Surf, sewage form a combustible mix in Malibu
The city is eager to complete Legacy Park, where storm water would be treated. But environmental groups say officials aren't taking adequate steps to prevent sewage from leaching into the ocean.
A surfer emerges from the water at Surfrider Beach in Malibu. The perfectly shaped point break lures wave riders from around the world. But the chronically polluted water has given countless swimmers and surfers queasy stomachs, eye infections and nasty rashes. (Mark Boster / Los Angeles Times / December 30, 2008)
But the chronically polluted water has given countless swimmers and surfers queasy stomachs, eye infections and nasty rashes.
Long under orders from the Los Angeles Regional Water Quality Control Board to clean up its coastline, Malibu is eager to begin turning 17 acres of open space on Pacific Coast Highway in the heart of the city into a park that would double as a storm water treatment zone.
Many in the environmental and surfing communities contend that the design for Legacy Park falls short because it does not also provide for treating sewage in the Civic Center area, home to the Malibu Country Mart and Cross Creek Plaza, busy havens for well-heeled shoppers and diners.
Legacy Park "was touted as a once-in-a-lifetime opportunity to create a state-of-the-art environmental solution to the city's water quality problems," said Joe Melchione, an attorney who heads the Malibu Surfing Assn.'s environmental committee. "It's time for the city of Malibu to grow up and clean up their own mess."
And that, Melchione and others say, should include treating sewage along with storm water.
Malibu City Manager Jim Thorsen counters that studies showed the Legacy Park site does not lend itself to treating wastewater because it contains relatively impermeable clay. Unlike other, more porous soils, clay keeps wastewater from percolating, or draining, through underground layers. Percolation provides a natural cleansing, as soils absorb viruses, oils, metals, excess nutrients and other pollutants from the water.
Thorsen said the city must use a phased approach to the water quality problem. It expects to begin building wastewater treatment plants in 2011.
It did not make sense to hold off on Legacy Park while a wastewater treatment plan was devised and reviewed, Thorsen said. Better, he added, "to solve our storm water problems [first]. Wastewater will lag behind a couple of years."
Environmental groups say wastewater from commercial septic systems in the area leaches into Malibu Creek and Lagoon and then flows into the ocean, accounting for much of the fecal bacteria and other contaminants that routinely earn Surfrider Ds and Fs on Heal the Bay's beach report card. (The phenomenon also explains the foul odor that permeates that portion of Malibu.)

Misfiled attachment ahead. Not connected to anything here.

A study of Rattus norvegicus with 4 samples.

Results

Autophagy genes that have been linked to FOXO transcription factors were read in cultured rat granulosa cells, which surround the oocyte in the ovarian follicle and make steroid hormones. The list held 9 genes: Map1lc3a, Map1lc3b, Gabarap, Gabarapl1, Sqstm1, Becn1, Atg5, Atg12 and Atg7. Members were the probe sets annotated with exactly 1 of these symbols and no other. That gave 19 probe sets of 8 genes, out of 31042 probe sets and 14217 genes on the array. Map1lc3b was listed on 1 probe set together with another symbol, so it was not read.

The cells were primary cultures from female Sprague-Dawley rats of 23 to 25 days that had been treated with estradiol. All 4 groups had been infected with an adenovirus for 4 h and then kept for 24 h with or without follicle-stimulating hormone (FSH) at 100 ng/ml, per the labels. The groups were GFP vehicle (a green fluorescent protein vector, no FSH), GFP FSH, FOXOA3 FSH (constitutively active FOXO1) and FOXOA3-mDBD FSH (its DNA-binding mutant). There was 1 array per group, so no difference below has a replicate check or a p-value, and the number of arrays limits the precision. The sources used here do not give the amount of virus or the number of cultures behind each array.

Cross Creek Plaza's septic system has been upgraded, but the water board has issued notices of violation to the Malibu Country Mart for failure to comply with orders to improve its sewage treatment. In the board's view, the Civic Center area "has reached its disposal capacity."
As a result, unless Legacy Park handles both types of water treatment, "it's a waste of investment dollars," said Mark Gold, president of Heal the Bay, a nonprofit environmental group dedicated to cleaning up Southern California's coastal waters and watersheds.
Malibu already is in deep financially on the project. In 2005, it raised $25 million to buy the property -- known locally as the Chili Cook-Off site, for an annual Labor Day weekend festival held there since 1982 -- from Malibu Bay Co., owned by Malibu Colony resident A. Jerrold Perenchio. (Among the fundraisers was former Mayor Ken Kearsley, who said he and a councilwoman spent hours soliciting donations with "a tin cup out in front of Ralphs.")
The purchase was made with a combination of public and private funds and "certificates of participation," lease purchase agreements held by multiple investors. The city's annual payment on that debt is $1.5 million, much of which is to be covered by rent from three tenants on the property -- a Coldwell Banker office, a veterinary hospital and the new Malibu Lumber Yard shopping center, nearing completion on the site of a locally beloved lumber yard that operated there for about 40 years.
In addition, the city is attempting to raise $15 million more to build Legacy Park, which would include an outdoor educational center and five habitats designed to attract coyotes, California quails, red-tailed hawks, Western toads and other critters.
Among those who have written sizable checks for the purchase or construction is a Who's Who of civic and entertainment royalty, including Steve and Patti Soboroff, rocker Don Henley, "Dallas" star Victoria Principal, Eli and Edythe Broad, Tom Hanks and Rita Wilson and Jeffrey and Marilyn Katzenberg.
The stakes are high for both Malibu and the environmental community.
Here, the battle over septic leaks and water quality is an old story. Malibu incorporated as a city in 1991 after Los Angeles County pushed to build a huge sewage treatment plant in undeveloped Corral Canyon. Residents feared that sewers would lead to unbridled growth.
More than 17 years later, critics say, Malibu has yet to seriously address the sewage problems plaguing the Civic Center area.